Researchers discovered a differential clinical response to pembrolizumab in patients with Lynch-like (mutated) vs methylated microsatellite instability–high endometrial cancer, outlining characteristics of patients who may derive benefit from immune checkpoint blockade antibodies, according to new findings published by Chow et al in Cancer Discovery.
Functional defects in DNA mismatch repair genes are common in tumors and are usually inherited. The main characteristic of these tumors is that they are associated with genome-wide instability and the progressive accumulation of mutations, especially in microsatellite regions, resulting in microsatellite instability–high tumors. Cancers deficient in mismatch repair gene function account for up to 30% of all uterine cancers, 20% of gastric cancers, and 15% of colorectal cancers.
“Due to the high number of mutations, [microsatellite instability–high] tumors are considered highly immunogenic, and accordingly, are very responsive ([with a] 50% response rate in terms of complete or partial response) to immunotherapy treatment in the form of immune checkpoint blockade antibodies such as pembrolizumab,” said study coauthor Eric Song, MD, PhD, a resident at the Yale University School of Medicine. “However, the question remained as to why only 50% of patients with [microsatellite instability–high/mismatch repair–deficient gene] characteristics responded, and not 100%.”
A phase II clinical trial of the PD-1 inhibitor pembrolizumab provided a partial answer to this question. The study was conducted in 24 patients with mismatch repair–deficient endometrial cancer, and it was found that responses to pembrolizumab in patients with Lynch-like (mutated) endometrial cancer were stronger and significantly more lasting than those experienced by patients with methylated microsatellite instability–high endometrial cancer.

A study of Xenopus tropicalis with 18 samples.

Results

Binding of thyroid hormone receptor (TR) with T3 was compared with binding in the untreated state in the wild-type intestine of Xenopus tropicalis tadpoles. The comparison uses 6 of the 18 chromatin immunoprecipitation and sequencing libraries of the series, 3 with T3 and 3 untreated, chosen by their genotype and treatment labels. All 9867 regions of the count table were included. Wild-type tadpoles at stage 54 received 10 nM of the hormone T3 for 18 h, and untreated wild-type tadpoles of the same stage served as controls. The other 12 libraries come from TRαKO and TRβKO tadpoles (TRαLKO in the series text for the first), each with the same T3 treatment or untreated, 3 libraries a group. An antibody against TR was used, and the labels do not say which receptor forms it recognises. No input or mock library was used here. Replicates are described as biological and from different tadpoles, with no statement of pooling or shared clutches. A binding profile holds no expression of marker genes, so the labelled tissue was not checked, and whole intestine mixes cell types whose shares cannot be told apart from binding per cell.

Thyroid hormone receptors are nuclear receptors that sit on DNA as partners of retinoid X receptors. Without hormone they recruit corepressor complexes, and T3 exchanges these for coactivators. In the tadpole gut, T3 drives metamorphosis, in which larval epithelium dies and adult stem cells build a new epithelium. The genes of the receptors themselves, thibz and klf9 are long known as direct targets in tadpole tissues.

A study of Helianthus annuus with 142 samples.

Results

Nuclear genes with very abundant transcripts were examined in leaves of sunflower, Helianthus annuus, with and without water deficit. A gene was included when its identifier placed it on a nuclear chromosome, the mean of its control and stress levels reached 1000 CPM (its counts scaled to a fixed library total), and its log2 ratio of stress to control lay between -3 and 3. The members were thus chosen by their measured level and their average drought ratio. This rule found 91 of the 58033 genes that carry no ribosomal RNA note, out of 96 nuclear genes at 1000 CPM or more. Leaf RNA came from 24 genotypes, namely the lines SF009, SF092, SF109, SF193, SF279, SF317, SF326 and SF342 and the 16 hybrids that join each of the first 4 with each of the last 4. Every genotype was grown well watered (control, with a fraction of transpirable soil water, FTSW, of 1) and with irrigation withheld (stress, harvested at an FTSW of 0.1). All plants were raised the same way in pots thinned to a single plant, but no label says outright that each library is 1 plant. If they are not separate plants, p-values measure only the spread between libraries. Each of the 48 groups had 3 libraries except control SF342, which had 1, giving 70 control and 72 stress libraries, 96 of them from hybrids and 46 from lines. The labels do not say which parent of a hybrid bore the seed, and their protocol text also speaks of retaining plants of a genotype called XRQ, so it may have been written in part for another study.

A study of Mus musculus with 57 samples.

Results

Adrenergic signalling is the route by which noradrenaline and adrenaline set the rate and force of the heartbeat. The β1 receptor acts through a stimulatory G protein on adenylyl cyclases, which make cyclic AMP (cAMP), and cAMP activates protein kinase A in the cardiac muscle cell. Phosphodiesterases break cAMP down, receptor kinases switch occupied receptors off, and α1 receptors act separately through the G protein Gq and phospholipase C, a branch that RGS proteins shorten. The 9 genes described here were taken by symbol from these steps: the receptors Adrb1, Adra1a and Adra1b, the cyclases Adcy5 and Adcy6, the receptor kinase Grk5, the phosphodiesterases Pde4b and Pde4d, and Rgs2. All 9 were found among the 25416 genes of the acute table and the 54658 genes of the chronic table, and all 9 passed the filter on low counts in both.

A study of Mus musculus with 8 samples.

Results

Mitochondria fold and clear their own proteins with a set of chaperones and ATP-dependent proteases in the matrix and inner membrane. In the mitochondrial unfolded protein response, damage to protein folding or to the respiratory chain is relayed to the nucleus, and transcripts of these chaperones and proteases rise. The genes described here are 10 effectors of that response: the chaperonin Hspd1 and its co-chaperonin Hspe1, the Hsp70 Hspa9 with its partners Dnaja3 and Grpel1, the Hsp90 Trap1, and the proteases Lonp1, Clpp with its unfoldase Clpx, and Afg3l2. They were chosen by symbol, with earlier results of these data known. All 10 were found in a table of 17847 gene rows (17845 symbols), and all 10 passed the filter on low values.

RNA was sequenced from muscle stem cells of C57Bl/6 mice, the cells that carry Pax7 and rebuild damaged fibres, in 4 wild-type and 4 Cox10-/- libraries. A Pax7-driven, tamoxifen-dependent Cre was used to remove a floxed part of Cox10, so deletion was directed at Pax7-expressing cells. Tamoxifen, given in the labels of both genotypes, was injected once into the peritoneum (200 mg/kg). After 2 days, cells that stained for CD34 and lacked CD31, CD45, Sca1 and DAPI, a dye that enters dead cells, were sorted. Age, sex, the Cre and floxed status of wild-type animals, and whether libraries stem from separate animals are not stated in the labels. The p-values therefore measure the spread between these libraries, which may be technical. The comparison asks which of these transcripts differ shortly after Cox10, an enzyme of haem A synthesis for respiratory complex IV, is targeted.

“These results highlighted for the first time the heterogeneity and prognostic significance of [patients with] Lynch-like [vs]… methylated microsatellite instability–high endometrial cancer in terms of overall response, progression-free survival, and overall survival when treated with pembrolizumab,” said senior study author Alessandro Santin, MD, Professor of Obstetrics, Gynecology, and Reproductive Sciences and Co-Chief of Gynecologic Oncology at the Yale University School of Medicine.
“Endometrial cancer is the most common gynecologic cancer affecting [patients] in developed countries, partly because of increasing obesity and our aging population,” said first study author Ryan Chow, an MD/PhD student at the Yale University School of Medicine. “We believe that a fruitful area for future research will be to investigate the underlying mechanisms driving the two distinct modes of antitumor immunity in patients. This data could reveal whether the distinguishing features of the circulating immune response we identified here are similarly observed in tumor-infiltrating immune cells.”
Disclosure: The research in this study was funded in part by grants from the National Institutes of Health, Gilead Sciences, Merck & Co. Inc., and the Stand Up To Cancer Foundation. For full disclosures of the study authors, visit aacrjournals.org.The content in this post has not been reviewed by the American Society of Clinical Oncology, Inc. (ASCO®) and does not necessarily reflect the ideas and opinions of ASCO®.